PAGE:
The German Chargé (Leitner) to the Secretary of State
Mr. Secretary of State: By instruction of my Government I have the honor to invite the attention of Your Excellency to the following matter, with the request for examination and further action, and would be especially grateful for promptness in the premises:
Section 601, Paragraph (a) of the “Revenue Act of 1932”45 contains the following provision:
“In addition to any other tax or duty imposed by law, there shall be imposed a tax as provided in subsection (c) on every article imported into the United States unless treaty provisions of the United States otherwise provide.”
In Section 601, Paragraph (c) (5) it is further stated:
“Coal of all sizes, grades and classifications (except culm and duff), coke manufactured therefrom; and coal or coke briquettes, 10 cents per 100 pounds. The tax on the articles described in this paragraph shall apply only with respect to the importation of such articles, and shall not be imposed upon any such article if during the preceding calendar year the exports of the articles described in this paragraph from the United States to the country from which such article has been [is] imported have been greater in quantity than the imports into the United States from such country of the articles described in this paragraph.”
On the basis of this provision the following executive order was issued:
“T.D.45751 of June 20, 1932:
As the total exports of coal, coke and briquettes described in Section 601 (c) (5) from the United States to Canada exceeded the total imports of the same commodities from that country to the United States during the calendar year 1931, and the total exports of such commodities from the United States to Mexico exceeded the total imports from that country during the same period, no tax shall be collected during the calendar year 1932 on such articles imported into the United States from Canada or Mexico.”
I have the honor, upon the basis of Article VII, Paragraphs 2 and 4 of the Treaty of Friendship, Commerce and Consular Rights between Germany and the United States of August 20, 1925,46 to request that the exemption set forth in the foregoing passages, enjoyed by the Canadian and Mexican coal imports according to the above, be extended also to German coal imports. In Article VII, Paragraphs 2 and 4 of the Treaty of Friendship, Commerce and Consular Rights between the United States and Germany, it is set forth:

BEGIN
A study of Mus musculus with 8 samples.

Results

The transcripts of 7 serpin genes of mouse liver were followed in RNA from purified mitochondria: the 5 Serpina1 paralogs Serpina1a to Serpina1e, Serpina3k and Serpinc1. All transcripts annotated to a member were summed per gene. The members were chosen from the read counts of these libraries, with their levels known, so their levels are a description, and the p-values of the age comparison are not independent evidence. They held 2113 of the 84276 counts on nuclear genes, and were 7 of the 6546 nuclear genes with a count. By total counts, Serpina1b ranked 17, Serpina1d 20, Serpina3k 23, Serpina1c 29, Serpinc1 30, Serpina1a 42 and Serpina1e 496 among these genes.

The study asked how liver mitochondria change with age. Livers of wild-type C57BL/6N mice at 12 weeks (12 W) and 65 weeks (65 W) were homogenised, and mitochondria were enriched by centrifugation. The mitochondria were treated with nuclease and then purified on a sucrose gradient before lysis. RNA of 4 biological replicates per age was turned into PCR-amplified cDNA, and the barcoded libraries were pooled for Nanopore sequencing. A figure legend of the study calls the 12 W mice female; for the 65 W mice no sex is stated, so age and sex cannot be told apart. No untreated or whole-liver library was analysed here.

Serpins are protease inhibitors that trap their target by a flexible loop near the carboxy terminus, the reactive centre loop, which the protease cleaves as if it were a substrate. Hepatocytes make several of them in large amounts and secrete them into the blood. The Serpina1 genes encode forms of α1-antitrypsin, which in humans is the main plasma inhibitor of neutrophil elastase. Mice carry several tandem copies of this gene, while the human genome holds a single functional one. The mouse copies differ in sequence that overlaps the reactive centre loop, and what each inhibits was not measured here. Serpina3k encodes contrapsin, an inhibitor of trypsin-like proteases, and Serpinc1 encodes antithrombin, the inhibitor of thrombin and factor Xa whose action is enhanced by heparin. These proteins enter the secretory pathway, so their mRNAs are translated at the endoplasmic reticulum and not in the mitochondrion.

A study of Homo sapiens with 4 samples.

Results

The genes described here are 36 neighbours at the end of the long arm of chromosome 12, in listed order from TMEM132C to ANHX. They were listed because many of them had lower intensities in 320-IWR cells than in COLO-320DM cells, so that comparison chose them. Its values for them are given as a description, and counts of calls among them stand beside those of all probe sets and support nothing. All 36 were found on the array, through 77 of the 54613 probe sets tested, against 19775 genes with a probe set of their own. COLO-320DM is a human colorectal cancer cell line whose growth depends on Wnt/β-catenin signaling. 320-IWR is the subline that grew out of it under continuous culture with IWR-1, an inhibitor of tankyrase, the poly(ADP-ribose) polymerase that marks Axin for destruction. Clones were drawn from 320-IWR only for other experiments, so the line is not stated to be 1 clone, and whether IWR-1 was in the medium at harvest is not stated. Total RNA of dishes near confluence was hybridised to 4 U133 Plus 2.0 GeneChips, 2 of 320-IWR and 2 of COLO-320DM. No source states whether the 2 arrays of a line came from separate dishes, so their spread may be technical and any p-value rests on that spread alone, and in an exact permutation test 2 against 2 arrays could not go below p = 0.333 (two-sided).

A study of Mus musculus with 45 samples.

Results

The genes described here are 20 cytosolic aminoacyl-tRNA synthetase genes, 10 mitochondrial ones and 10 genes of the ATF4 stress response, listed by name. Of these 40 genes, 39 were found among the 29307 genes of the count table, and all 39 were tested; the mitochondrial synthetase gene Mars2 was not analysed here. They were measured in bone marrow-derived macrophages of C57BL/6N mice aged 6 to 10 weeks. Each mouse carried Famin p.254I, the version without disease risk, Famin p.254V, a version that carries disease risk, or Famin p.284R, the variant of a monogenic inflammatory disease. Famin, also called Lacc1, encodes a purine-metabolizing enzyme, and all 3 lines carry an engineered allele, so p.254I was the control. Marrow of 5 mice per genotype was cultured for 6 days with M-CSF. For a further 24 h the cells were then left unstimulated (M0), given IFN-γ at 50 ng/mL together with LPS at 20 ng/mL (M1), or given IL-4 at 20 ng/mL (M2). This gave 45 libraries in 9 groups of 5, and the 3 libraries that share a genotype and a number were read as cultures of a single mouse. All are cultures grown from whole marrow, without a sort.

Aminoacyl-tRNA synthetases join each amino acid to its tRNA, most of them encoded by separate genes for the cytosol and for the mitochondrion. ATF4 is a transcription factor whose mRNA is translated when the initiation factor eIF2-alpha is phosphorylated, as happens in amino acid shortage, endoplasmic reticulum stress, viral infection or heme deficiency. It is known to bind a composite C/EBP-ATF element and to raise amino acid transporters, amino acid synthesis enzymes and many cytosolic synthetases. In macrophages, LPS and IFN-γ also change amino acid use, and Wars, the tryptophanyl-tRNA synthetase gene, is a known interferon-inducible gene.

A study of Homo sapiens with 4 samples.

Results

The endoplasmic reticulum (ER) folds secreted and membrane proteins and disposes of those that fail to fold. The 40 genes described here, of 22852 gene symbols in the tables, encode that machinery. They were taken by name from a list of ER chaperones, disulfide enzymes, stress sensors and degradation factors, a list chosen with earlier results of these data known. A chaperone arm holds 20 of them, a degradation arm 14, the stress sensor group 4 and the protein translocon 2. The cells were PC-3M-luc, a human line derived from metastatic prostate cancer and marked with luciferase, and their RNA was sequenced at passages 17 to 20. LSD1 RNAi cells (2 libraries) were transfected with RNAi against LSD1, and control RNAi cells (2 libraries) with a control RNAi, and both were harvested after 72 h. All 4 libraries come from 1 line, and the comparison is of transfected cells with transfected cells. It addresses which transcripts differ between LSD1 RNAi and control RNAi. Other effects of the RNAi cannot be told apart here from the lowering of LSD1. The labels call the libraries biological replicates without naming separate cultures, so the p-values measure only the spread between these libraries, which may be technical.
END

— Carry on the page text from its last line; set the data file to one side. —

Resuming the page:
“Each of the High Contracting Parties binds itself unconditionally to impose no higher or other duties or conditions and no prohibition on the importation of any article, the growth, produce of [or] manufacture, of the territories of the other than are or shall be imposed on the importation of any like article, the growth, produce or manufacture of any other foreign country.
“Any advantage of whatsoever kind which either High Contracting Party may extend to any article, the growth, produce or manufacture of any other foreign country shall simultaneously and unconditionally, without request and without compensation, be extended to the like article, growth, produce or manufacture of the other High Contracting Party.”
A discrimination against the importation of German coal in the face of the importation of coal from Canada and Mexico appears according thereto inadmissible under the Treaty.[Page 504]
According to the view of the German Government the same applies also under Article VIII of the said Treaty, wherein it is set forth:
“The nationals and merchandise of each High Contracting Party within the territories of the other shall receive the same treatment as nationals and merchandise of the country with regard to internal taxes, transit duties, charges in respect to warehousing and other facilities and the amount of drawbacks and bounties.”
According thereto, also, the duty which would be imposed upon German coal would be unjustified.
In addition to the placing of German coal, coke and briquettes upon the free list, I would also be thankful for your kind intervention in procuring, on the basis of this statement, the refunding of whatever duties have been collected already.
As the German coal importation, which of itself is comparatively insignificant in volume, has been affected most keenly by the measures taken, I have the honor again to beg Your Excellency to cause the requested action to be taken by the proper domestic authorities with special haste.